GEORGIA — Charges against two student journalists arrested last year while covering Occupy Atlanta protests will be dropped, the city’s mayor said Saturday.
Mayor Kasim Reed told journalists at a National Association of Hispanic Journalists conference Saturday that he only recently learned of the charges against Judy Kim, a photographer for Georgia State’s The Signal, and Alisen Redmond, an editor with Kennesaw State’s The Sentinel.
Reed was responding to a question from Emory journalism professor Hank Klibanoff.
“I was just curious after all this why the mayor had not acted,” Klibanoff said in an interview Monday. “He surprised me and said, ‘I have. I did it just yesterday.’ I asked him why only yesterday. He said ‘I just found about it, I got a letter about it.’”
After the two were first arrested last year, the Student Press Law Center wrote to Reed asking him to have the charges dismissed. Earlier this month, several journalism organizations, including the SPLC, sent Reed a second letter asking him to dismiss the charges.
When Klibanoff asked why it took so long, Reed said that “it is a big city,” but that once he found out about the charges, he asked the city solicitor to dismiss them.
Kim and Redmond spent 14 hours in jail and were cited for obstruction of traffic, though police had blocked off traffic on the street where they were arrested. They identified themselves as reporters and had press passes.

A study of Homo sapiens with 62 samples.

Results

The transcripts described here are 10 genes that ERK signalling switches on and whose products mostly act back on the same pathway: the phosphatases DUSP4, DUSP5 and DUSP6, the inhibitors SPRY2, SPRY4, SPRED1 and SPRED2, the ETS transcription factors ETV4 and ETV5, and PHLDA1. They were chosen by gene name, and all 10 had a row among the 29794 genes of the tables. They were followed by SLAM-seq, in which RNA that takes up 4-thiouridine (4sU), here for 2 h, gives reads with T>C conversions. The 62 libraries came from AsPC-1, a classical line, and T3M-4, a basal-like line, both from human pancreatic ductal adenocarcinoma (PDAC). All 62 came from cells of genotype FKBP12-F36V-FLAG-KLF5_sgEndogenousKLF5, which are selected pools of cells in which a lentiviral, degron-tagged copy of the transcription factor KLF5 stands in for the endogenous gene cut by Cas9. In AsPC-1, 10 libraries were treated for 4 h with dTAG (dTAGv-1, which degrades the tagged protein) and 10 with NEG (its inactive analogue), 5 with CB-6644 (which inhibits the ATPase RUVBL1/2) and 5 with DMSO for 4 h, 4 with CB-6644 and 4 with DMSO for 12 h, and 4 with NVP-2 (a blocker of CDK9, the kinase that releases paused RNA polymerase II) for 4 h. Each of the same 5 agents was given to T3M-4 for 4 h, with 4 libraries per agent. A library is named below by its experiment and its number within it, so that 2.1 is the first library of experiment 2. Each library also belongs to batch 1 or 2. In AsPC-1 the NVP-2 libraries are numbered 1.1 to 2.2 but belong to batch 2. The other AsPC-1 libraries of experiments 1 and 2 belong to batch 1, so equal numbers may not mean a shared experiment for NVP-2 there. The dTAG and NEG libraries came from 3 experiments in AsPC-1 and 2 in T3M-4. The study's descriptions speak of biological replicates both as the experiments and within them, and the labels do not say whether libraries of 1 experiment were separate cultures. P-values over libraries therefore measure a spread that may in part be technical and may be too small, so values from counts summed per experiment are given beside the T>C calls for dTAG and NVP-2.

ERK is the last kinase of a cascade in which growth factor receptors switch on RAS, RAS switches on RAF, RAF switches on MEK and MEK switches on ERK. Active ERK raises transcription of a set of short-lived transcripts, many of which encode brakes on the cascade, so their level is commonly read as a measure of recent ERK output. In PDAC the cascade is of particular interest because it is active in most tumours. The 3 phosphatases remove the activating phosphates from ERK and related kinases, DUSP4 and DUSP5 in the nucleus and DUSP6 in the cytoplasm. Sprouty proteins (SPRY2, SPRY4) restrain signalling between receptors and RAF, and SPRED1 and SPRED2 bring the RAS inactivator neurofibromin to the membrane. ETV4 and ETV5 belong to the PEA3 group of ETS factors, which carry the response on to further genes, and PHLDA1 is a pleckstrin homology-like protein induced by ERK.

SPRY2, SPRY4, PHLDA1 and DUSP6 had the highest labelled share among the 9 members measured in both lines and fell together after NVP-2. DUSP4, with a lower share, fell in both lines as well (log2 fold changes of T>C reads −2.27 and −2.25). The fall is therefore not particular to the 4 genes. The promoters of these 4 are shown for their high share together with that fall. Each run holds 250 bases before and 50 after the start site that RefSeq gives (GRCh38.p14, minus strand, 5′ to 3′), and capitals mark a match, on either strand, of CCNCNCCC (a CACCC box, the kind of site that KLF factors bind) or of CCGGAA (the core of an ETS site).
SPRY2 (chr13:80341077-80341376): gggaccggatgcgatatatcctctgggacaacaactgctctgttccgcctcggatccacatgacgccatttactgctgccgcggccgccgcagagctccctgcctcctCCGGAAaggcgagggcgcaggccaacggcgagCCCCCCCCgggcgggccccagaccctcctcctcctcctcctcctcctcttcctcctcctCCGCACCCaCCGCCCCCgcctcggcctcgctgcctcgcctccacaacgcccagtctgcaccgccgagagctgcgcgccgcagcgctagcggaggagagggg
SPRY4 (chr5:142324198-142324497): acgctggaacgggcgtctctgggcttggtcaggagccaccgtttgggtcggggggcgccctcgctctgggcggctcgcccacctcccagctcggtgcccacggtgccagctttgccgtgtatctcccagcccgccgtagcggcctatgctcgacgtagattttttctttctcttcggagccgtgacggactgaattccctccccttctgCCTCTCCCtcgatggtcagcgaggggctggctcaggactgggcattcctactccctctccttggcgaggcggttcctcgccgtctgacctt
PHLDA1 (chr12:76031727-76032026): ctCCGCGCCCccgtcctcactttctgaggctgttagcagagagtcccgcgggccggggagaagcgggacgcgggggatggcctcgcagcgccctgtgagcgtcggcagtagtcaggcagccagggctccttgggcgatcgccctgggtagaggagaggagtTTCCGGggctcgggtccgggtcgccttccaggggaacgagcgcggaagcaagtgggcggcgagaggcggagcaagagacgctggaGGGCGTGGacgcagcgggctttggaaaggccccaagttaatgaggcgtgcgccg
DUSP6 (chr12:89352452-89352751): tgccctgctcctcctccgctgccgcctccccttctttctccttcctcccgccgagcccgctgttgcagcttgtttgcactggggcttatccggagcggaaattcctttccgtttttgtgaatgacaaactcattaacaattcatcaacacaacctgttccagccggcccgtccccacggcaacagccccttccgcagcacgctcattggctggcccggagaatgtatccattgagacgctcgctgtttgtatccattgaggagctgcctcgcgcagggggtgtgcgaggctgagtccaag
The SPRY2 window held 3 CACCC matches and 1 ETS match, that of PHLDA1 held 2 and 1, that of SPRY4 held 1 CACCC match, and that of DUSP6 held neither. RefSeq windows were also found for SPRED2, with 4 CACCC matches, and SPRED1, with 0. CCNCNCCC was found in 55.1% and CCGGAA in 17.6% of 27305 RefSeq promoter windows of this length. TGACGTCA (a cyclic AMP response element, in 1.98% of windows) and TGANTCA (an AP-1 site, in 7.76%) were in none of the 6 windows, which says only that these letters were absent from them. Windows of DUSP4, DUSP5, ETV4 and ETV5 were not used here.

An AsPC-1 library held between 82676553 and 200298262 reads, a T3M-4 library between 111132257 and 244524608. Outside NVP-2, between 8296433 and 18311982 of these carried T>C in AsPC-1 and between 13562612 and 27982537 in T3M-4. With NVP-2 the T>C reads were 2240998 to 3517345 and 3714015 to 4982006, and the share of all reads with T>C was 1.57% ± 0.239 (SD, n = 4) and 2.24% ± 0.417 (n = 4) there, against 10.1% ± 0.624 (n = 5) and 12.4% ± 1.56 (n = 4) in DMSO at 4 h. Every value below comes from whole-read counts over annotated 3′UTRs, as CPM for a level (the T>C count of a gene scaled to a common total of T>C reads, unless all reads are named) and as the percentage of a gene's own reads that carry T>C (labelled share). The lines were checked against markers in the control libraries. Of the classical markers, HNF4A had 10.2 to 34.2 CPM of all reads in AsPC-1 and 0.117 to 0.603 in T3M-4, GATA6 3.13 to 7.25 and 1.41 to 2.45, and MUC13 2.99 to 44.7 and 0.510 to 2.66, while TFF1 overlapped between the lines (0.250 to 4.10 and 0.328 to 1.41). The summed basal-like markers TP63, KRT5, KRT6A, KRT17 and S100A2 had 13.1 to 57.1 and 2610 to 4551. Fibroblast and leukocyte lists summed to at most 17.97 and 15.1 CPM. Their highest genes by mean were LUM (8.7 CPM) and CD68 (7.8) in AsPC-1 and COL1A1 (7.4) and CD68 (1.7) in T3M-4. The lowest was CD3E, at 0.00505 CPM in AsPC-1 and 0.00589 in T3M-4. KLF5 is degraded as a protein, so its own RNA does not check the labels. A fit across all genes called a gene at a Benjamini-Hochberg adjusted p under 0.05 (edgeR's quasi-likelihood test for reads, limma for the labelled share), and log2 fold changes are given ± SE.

A third working journalist, an intern for Creative Loafing, was also arrested while covering the protests. The charges against her will also be dismissed.
At an August hearing in Atlanta Municipal Court, advisers for the two student journalists testified to their professionalism.
Sandra Michaels, an attorney who represented all three journalists, said they are waiting now for the charges to be officially dismissed. Sunday, Raines Carter, city solicitor of Atlanta, confirmed to The Atlanta Journal-Constitution that the charges would be dropped.
“I’ve not received an official dismissal,” Michaels said Monday afternoon. “The judge sent a letter going ‘hey, if you’re dismissing, I need a letter dismissing it.’”
Bryce McNeil, The Signal’s adviser, said up until Reed’s announcement, he wasn’t optimistic the charges would be dropped.
“It was almost a full calendar year until it happened,” McNeil said. “It’s amazing that it took that long for it to get sorted.”
Since the Occupy protests began, five college journalists have been arrested while reporting on the events. In September, John Bolger of Hunter College’s The Envoy was arrested and released while covering the movement’s anniversary.
By Jordan Bradley, SPLC staff writer. Contact Bradley by email or at (703) 807-1904 ext. 124.